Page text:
Sexual Harassment

In this image taken from video from the Office of the N.Y. Governor, New York Gov. Andrew Cuomo speaks during a news conference, Wednesday, March 3, 2021, in Albany, N.Y.
Office of the N.Y. Governor

Governor Andrew Cuomo, in his first public appearance since being questioned by the state Attorney General’s office on allegations of sexual harassment, cast doubt on the motives of the investigators, saying it’s likely that “politics” are involved.

U.S. Senator Kirsten Gillibrand, D-N.Y.
J. Scott Applewhite / AP

Survivors of workplace sexual harassment could be able to speak out under legislation reintroduced by New York Senator Kirsten Gillibrand.

The New York Capitol Building in Albany
Pete Dzintars / Flickr

The New York state Senate approved a measure this week to allow adult survivors of sexual harassment and assault to bring their abusers to court. Advocates hailed the action, but said they are increasingly frustrated and “alarmed” over the state Assembly's failure to act on the bill and on other anti-sexual harassment measures.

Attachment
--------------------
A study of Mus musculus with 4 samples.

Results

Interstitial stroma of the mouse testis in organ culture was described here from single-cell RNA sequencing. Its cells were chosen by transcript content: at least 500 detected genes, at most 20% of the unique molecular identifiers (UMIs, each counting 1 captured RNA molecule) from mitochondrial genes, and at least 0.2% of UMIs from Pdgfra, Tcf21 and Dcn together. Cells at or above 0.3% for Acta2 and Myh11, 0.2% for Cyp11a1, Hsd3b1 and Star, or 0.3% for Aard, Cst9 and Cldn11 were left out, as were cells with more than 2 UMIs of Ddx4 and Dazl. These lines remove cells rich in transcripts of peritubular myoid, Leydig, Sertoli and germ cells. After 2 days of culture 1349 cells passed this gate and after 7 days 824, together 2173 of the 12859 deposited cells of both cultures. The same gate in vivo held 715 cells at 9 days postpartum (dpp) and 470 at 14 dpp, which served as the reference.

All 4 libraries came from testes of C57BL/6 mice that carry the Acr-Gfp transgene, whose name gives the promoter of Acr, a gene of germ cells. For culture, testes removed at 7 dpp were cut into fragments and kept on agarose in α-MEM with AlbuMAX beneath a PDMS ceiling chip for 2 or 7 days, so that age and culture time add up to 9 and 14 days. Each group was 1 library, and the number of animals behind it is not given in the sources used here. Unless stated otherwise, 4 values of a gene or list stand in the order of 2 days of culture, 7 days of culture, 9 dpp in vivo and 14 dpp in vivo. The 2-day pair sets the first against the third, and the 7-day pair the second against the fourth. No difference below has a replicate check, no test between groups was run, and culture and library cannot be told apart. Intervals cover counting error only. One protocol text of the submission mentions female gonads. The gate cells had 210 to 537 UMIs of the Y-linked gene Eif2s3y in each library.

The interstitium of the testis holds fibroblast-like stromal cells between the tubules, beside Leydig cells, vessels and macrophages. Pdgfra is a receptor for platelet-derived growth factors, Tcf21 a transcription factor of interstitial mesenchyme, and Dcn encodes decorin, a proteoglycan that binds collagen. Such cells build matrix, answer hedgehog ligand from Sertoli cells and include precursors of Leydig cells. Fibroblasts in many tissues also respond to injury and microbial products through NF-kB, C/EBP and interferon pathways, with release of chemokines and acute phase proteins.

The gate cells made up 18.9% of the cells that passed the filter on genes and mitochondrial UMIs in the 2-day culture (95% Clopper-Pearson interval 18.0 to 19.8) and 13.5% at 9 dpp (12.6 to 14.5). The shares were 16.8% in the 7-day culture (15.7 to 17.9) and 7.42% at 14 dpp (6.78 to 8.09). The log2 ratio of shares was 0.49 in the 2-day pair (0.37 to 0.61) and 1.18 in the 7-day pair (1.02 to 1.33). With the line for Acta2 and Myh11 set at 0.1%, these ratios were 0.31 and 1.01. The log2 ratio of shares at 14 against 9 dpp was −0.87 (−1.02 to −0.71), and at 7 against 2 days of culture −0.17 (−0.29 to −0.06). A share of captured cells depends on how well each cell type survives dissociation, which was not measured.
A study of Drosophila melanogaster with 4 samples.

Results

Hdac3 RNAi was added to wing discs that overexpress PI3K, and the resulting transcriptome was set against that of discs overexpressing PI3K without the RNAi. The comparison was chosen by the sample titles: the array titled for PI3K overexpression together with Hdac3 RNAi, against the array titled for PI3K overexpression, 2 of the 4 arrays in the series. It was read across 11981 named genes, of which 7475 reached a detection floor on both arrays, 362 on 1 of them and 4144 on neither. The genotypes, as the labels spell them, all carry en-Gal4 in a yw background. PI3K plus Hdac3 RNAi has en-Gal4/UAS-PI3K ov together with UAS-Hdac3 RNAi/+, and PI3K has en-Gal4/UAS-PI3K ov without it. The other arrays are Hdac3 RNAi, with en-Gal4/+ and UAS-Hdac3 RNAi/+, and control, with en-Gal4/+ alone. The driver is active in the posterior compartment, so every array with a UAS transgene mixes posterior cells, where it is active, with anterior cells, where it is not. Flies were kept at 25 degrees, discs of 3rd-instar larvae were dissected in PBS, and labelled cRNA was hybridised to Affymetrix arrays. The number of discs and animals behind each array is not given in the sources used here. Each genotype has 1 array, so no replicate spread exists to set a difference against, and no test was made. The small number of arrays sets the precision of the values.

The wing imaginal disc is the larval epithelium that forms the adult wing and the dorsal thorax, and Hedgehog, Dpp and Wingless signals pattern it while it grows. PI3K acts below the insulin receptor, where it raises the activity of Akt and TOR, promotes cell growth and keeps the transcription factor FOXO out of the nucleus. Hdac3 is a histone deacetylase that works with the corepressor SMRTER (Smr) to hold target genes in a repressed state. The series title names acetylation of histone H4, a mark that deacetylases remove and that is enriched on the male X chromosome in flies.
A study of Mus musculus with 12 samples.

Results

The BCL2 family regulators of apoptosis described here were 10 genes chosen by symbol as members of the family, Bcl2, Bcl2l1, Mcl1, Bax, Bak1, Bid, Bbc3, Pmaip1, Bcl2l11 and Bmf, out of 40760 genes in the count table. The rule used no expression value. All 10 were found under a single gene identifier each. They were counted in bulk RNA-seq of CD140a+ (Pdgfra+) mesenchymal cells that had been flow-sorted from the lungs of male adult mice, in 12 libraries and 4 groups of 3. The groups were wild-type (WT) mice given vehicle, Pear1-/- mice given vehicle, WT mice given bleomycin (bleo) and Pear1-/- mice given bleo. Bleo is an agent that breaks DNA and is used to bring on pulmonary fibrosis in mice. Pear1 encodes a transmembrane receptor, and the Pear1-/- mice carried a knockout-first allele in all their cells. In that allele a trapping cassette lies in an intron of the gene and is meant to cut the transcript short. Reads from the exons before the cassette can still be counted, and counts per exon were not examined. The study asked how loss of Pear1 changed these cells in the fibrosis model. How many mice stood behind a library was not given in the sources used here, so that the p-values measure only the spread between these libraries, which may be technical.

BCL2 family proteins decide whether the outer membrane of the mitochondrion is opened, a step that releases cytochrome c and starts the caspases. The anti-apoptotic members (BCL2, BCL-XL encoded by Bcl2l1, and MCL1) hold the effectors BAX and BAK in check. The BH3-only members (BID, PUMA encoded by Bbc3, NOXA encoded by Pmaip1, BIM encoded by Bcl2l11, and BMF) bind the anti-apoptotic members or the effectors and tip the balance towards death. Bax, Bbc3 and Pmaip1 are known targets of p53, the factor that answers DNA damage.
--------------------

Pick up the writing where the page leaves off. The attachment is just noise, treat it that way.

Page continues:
The New York Capitol Building in Albany
Karen DeWitt / WAMC

The New York State Senate approved anti-sexual harassment measures this week that extend protections to top staff in the governor’s office as well as for employees of other elected officials.

N.Y. Gov. Andrew Cuomo
Kevin P. Coughlin / Office of New York Governor Andrew M. Cuomo

A new poll finds that while Gov. Andrew Cuomo’s popularity has waned since he’s been embroiled in a number of scandals, including allegations of sexual harassment, more New Yorkers believe the embattled governor should hang on than think he should resign.